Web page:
A new report reveals that more than 300 banks in Germany are now charging some customers negative interest rates. Some are big global banks, including Deutsche Bank, Commerzbank, and ING.
300 Banks Pass on the Burden of Negative Interest Rates to Customers
Banks in Germany have been increasingly passing on the burden of negative interest rates to their clients after the European Central Bank (ECB) adopted a negative interest rate policy. After lowering one of its key interest rates into negative territory in June 2014, the ECB then lowered the deposit facility rate incrementally until it reached the current rate of -0.5% in September 2019.
A German financial product comparison portal, Biallo, conducted a study on 1,300 banks and savings banks in Germany. It found that “More than 300 financial institutions charge some of their customers negative interest,” the portal reported last week. Out of these banks, almost 200 of them impose negative interest rates on private customers. The rates and terms vary by bank.
Biallo founder Horst Biallo described:
The wave of negative interest rates that is currently rolling towards savers is growing steadily. Almost 30 banks and savings banks have introduced a so-called custody fee since the beginning of October alone.
He explained that “Banks and savings banks usually avoid the terms ‘negative interest’ or ‘penalty interest,'” adding that “they prefer to speak of the so-called custody fee.”
While noting that more banks are charging their business and corporate customers negative interest rates than they do private customers, Biallo emphasized that “This year alone, more than 150 banks and savings banks introduced negative interest rates for private customers.” Each bank sets its own terms regarding which accounts are charged negative interest rates, with the most common type of accounts being those with balances above 100,000 euros ($118,353). Most banks also apply negative interest rates to new accounts as German law requires customers’ consent for imposing negative interest rates on existing accounts.
Among global banks on the Biallo’s negative rate list are Comdirect, Commerzbank, DAB BNP Paribas, Deutsche Bank, DKB, Donner und Reuschel, Ethikbank, Fidor Bank, Flatex Bank, GLS Bank, ING, Norisbank, and Postbank. Most of them apply a -0.5% interest rate on accounts with balances over differing amounts.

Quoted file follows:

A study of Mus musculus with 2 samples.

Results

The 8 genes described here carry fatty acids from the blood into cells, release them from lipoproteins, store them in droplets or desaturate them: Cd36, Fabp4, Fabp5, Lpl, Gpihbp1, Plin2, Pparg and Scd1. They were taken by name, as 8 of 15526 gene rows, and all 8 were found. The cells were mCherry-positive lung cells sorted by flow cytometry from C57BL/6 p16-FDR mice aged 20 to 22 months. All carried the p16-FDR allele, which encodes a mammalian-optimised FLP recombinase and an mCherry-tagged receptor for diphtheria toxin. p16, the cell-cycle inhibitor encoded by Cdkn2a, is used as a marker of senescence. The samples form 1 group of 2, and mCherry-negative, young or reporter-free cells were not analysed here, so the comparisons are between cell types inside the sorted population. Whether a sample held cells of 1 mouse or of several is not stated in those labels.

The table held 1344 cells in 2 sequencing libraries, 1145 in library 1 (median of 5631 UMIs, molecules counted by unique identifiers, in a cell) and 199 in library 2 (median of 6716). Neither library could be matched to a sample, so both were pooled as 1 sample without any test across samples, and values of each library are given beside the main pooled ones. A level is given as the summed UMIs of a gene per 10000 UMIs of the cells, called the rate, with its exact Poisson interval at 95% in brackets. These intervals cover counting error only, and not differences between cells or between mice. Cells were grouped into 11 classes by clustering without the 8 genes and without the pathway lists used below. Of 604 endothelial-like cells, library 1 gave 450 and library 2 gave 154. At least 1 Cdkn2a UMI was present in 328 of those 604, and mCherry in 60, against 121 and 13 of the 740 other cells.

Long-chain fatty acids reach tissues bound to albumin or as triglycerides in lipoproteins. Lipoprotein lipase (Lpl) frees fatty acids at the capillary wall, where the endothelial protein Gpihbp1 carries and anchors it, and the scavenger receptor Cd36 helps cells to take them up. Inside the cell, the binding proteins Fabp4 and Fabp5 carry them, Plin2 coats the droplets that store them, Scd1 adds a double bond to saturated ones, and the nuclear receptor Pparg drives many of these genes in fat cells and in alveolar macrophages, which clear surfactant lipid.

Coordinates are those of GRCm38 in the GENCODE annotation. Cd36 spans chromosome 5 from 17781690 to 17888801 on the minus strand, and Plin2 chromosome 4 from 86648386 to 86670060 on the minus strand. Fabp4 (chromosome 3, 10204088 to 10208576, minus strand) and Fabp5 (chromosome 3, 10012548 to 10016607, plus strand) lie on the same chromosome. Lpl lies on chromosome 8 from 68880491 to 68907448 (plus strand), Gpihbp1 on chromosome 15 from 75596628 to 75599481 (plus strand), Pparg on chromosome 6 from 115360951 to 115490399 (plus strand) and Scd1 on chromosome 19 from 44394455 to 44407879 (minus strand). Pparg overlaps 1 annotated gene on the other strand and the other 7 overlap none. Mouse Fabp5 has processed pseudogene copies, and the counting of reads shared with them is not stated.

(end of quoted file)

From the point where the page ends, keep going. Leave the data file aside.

Other banks on the Biallo list include Bank 1 Saar, Berliner Sparkasse, Brandenburger Bank, Bremische Volksbank, Eckernförder Bank, Erfurter Bank, Kasseler Sparkasse, Münchner Bank, Raiffeisenbank Eifeltor, Sparkasse Aachen, Sparkasse Landshut and more. Bank 1 Saar charges -0.75% on accounts over 100,000 euros — the highest penalty rate charged by any bank.
Big Banks Imposing Negative Interest Rates
Some of the largest banks in Germany have also introduced negative interest rates. The latest major bank to do so is ING. According to the bank’s list of prices and services, a custody fee of 0.5% will be charged starting on Feb. 1, 2021, for current accounts opened after Nov. 4 if they have balances of over 100,000 euros.
Deutsche Bank has already been charging some clients a custody fee of 0.5% on current accounts with balances above 100,000 euros. In its terms of service, Deutsche Bank wrote that it “shall agree on the application of these special conditions and the obligation to pay the custody fee separately with the customer.”
Commerzbank introduced a custody fee of 0.5% for deposits of over 250,000 euros at the end of the 2019 financial year. Biallo noted that a negative interest rate applies to accounts opened after July 1 and the deposit threshold was lowered on Oct. 1 to 100,000 euros.
The Association of German Banks, the main lobby group for Germany’s financial sector, recently called on the ECB to reconsider its negative interest rate policy. Hans-Walter Peters, the president of the association, warned that more banks will be forced to charge their customers negative interest rates.